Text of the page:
When we think of Foreign Corrupt Practice Act (FCPA) enforcement, what comes to mind are the nearly monthly headlines about multi-million dollar criminal settlements resulting from hundreds of thousands or millions of dollars in bribes to foreign officials. But in-house counsel know that the devil is in the details. It’s the less-publicized, less-spectacular questions relating to facilitation payments and expenses for gifts and hospitality that keep in-house counsel at even the most anti-bribery compliant companies scrutinizing their expenditures.
Recognizing the increasing globalization of industry and the breadth of extraterritorial application of the FCPA and the UK Bribery Act, this article examines the treatment of facilitation payments and gift and hospitality expenses under both anti-bribery schemes.
Contrary treatment under the Bribery Act
In sharp contrast to the FCPA, the UK Bribery Act does not exempt facilitating payments from its prohibitions. Instead, any payments offered, promised or given to a foreign official for the purpose of influencing the foreign official in the performance of his functions as a public official, and with the intent to obtain or retain business or a business advantage, are considered illegal bribery under the Act.
However, that defense, which is essentially a rogue employee defense, likely would not be available to the company in the hypothetical because of the pervasive nature of the payments and evidence that the company has condoned the practice.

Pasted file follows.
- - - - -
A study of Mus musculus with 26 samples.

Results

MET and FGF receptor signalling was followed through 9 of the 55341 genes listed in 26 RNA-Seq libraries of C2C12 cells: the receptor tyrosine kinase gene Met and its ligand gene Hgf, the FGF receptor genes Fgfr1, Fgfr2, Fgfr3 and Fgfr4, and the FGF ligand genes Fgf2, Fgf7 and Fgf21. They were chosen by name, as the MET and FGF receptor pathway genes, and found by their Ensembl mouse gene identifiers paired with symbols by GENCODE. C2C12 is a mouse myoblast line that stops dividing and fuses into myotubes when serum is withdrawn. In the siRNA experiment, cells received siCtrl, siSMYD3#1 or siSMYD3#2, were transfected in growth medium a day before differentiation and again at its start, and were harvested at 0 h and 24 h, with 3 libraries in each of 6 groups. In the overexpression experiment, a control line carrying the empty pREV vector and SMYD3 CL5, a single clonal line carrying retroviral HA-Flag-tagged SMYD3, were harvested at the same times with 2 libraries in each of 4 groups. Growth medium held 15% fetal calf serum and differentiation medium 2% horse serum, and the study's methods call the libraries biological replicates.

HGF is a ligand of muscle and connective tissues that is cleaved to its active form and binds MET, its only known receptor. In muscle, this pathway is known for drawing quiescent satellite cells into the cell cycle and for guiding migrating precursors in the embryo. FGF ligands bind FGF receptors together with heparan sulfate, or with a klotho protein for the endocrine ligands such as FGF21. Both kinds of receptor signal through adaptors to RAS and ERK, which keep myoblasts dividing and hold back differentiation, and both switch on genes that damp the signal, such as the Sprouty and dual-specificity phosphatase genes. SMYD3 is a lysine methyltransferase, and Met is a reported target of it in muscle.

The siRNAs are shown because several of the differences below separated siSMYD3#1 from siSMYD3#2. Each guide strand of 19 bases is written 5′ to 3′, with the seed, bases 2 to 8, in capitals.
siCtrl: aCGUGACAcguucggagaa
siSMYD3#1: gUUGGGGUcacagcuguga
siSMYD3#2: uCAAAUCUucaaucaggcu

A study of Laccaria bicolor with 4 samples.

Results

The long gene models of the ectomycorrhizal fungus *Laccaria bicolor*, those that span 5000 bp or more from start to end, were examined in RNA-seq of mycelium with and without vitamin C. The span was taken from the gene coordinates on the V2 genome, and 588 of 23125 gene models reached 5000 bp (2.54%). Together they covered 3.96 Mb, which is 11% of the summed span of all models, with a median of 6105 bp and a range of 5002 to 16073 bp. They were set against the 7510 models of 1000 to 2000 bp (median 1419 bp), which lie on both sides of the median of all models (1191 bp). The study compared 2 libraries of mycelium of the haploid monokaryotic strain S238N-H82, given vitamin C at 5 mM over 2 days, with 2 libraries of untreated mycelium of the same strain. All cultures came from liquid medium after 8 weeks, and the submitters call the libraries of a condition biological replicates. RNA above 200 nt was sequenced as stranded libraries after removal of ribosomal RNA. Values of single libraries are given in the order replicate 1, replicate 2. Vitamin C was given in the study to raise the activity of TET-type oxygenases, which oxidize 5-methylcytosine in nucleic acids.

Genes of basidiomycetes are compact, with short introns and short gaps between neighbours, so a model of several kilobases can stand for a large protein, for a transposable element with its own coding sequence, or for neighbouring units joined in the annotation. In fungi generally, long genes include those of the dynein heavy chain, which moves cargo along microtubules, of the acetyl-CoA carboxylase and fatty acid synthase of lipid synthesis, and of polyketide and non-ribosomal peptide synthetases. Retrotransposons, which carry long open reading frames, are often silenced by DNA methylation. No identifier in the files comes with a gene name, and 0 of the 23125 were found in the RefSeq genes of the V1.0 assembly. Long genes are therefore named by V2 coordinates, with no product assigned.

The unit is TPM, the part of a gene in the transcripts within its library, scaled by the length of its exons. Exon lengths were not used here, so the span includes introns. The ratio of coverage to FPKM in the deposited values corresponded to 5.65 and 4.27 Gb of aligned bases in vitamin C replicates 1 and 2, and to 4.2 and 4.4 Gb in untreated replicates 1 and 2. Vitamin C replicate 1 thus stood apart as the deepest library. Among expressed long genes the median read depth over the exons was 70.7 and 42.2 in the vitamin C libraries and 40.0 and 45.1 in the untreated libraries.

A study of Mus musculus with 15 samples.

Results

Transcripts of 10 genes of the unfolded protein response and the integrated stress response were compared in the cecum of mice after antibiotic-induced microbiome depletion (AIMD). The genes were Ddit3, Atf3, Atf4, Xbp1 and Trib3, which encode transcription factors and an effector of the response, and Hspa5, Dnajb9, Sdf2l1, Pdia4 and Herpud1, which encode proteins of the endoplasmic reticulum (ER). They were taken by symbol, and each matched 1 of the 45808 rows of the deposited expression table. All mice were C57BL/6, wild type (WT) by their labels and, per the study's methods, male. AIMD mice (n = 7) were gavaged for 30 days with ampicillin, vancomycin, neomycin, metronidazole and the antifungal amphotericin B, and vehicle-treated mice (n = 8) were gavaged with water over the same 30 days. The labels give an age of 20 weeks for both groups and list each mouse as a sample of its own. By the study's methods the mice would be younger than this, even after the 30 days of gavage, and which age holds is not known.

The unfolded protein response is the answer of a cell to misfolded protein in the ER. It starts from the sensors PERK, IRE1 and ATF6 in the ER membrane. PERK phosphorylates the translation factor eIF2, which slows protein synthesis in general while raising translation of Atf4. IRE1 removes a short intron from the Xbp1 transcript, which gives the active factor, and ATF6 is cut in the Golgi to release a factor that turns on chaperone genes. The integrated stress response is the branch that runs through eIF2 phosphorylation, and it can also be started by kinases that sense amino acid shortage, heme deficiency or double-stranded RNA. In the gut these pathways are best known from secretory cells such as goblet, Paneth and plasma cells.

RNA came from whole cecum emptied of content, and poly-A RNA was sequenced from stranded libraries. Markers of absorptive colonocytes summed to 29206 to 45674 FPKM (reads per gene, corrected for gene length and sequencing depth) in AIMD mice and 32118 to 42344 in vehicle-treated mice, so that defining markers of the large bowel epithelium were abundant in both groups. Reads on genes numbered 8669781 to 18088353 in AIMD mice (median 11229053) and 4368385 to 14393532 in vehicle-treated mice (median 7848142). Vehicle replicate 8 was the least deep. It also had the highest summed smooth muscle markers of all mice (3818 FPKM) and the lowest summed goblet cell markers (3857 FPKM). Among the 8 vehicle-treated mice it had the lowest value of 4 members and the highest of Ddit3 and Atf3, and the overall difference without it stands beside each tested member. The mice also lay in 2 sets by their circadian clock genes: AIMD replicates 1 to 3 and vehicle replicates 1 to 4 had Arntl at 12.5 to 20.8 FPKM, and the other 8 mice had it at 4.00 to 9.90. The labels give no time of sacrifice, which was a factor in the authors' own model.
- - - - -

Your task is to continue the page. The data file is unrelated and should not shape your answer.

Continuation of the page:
FCPA treatment of gifts and hospitality
Bribery Act treatment of gifts and hospitality
In order to determine whether expenditures are reasonable and proportionate hospitality, which is normal business and is to be encouraged, at least in the eyes of former Director Alderman,  or disguised illegal bribe payments, prosecutors assess whether the payment is “lavish or extravagant,” and whether there is evidence that the payment is to induce someone to improperly perform their duties with a view to obtaining a business advantage. A payment may be looked at as a bribe if it is related in time to some actual or anticipated business with the recipient, particularly where some form of competitive process is involved. This has been coined the “improper performance test.”